Fascinating article by Prof. Robert Lopez exposes the reality of growing up with two moms. His story has been virtually ignored because, as he puts it, "I cherish my mother’s memory, but I don’t mince words when talking about how hard it was to grow up in a gay household."
Prof. Lopez was in town today speaking with various marriage supporters.
Here are a few excerpts from this thoughtful article.
CLICK HERE to read the entire article.
Quite simply, growing up with gay parents was very difficult, and not because of prejudice from neighbors. People in our community didn’t really know what was going on in the house. To most outside observers, I was a well-raised, high-achieving child, finishing high school with straight A's.
My peers learned all the unwritten rules of decorum and body language in their homes; they understood what was appropriate to say in certain settings and what wasn’t; they learned both traditionally masculine and traditionally feminine social mechanisms.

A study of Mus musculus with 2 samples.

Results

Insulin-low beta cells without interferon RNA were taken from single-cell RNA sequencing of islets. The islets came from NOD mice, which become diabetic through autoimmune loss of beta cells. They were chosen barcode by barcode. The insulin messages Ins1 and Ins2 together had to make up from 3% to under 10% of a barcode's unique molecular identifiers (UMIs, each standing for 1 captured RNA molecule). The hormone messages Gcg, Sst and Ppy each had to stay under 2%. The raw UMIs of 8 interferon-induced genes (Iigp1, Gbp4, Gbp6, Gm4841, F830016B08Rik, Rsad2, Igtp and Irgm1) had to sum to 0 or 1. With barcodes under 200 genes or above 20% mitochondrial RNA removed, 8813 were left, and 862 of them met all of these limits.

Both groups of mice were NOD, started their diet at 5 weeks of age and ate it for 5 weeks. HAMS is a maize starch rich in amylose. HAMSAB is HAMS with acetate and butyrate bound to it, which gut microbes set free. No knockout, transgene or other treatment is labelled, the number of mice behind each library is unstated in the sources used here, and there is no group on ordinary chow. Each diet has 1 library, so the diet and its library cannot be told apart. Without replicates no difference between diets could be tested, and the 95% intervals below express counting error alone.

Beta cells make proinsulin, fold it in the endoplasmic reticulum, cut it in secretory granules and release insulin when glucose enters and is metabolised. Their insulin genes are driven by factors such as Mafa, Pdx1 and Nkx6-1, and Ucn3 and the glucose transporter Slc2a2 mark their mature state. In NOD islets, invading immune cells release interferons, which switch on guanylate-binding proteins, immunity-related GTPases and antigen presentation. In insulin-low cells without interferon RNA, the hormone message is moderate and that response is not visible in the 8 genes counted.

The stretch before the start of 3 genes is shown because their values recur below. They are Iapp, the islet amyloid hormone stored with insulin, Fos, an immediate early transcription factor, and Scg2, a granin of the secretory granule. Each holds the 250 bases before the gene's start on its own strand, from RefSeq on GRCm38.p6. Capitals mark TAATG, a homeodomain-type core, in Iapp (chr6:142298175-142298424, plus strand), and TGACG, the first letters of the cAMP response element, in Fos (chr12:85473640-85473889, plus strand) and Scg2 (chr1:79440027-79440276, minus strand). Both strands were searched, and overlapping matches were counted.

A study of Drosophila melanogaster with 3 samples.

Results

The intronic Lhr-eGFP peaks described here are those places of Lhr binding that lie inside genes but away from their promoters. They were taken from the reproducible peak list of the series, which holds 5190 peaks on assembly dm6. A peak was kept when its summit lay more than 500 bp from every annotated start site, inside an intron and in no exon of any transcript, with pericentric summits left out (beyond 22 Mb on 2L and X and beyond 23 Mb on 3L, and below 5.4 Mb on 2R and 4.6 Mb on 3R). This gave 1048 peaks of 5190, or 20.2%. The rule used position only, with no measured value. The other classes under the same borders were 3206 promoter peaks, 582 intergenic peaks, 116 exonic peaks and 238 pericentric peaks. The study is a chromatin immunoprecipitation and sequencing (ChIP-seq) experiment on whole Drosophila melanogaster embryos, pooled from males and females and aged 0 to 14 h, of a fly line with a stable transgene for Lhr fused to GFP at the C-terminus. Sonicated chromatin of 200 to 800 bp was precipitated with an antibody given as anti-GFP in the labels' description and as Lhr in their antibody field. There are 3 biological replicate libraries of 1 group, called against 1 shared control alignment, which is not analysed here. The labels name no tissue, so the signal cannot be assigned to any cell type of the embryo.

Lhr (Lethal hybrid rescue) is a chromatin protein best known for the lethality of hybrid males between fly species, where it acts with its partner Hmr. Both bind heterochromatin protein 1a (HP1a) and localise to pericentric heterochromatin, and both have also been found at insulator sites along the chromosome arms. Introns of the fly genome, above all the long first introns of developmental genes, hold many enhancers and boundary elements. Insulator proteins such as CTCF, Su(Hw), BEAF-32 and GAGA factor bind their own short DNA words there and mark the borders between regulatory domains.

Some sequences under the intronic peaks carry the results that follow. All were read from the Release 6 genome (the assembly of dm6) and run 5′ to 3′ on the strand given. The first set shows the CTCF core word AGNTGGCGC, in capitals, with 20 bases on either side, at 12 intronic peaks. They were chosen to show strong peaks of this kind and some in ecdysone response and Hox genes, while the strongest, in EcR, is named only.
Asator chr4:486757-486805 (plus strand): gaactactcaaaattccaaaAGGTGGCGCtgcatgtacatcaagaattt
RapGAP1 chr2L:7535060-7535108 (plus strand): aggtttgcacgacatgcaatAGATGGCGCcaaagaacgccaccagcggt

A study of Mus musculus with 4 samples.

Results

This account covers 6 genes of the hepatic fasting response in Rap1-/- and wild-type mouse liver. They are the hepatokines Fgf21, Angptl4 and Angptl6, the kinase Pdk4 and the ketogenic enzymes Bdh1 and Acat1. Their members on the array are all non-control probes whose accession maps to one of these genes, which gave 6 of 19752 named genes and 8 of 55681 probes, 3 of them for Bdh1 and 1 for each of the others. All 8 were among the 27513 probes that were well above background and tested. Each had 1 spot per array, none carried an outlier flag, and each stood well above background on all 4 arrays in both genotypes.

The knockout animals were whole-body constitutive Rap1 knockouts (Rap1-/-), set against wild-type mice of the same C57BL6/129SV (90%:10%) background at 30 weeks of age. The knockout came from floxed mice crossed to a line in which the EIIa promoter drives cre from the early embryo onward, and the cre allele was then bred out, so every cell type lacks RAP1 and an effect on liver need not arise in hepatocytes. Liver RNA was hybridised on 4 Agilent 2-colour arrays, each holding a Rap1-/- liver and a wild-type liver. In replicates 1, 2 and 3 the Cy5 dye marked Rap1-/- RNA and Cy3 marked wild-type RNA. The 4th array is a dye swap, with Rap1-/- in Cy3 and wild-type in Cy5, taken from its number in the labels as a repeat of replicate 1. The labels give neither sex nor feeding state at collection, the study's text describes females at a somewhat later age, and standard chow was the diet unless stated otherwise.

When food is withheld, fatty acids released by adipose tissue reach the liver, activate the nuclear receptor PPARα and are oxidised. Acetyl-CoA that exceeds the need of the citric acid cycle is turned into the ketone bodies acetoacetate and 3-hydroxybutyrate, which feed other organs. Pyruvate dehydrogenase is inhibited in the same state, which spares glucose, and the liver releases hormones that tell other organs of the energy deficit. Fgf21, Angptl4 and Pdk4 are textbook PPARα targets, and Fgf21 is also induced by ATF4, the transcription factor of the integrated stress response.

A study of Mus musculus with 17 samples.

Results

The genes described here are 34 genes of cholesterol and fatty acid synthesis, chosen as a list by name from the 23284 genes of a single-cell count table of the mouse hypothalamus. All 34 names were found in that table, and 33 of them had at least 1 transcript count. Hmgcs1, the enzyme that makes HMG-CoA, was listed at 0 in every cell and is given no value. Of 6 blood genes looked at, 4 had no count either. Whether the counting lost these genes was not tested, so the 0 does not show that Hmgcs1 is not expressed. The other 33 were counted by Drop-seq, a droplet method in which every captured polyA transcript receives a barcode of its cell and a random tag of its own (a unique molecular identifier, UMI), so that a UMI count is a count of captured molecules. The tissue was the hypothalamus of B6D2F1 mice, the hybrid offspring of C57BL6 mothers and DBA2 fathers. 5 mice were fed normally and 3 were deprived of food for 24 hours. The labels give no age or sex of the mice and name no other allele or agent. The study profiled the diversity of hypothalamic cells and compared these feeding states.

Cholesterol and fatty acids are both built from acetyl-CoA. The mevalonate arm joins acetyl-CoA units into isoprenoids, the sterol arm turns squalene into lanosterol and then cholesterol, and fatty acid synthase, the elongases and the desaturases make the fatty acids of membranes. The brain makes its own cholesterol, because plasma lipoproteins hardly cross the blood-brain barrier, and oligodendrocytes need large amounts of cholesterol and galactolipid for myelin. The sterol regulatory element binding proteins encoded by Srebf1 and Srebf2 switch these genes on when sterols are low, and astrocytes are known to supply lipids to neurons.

I had no male figure at all to follow, and my mother and her partner were both unlike traditional fathers or traditional mothers. As a result, I had very few recognizable social cues to offer potential male or female friends, since I was neither confident nor sensitive to others. Thus I befriended people rarely and alienated others easily. Gay people who grew up in straight parents’ households may have struggled with their sexual orientation; but when it came to the vast social universe of adaptations not dealing with sexuality—how to act, how to speak, how to behave—they had the advantage of learning at home. Many gays don’t realize what a blessing it was to be reared in a traditional home.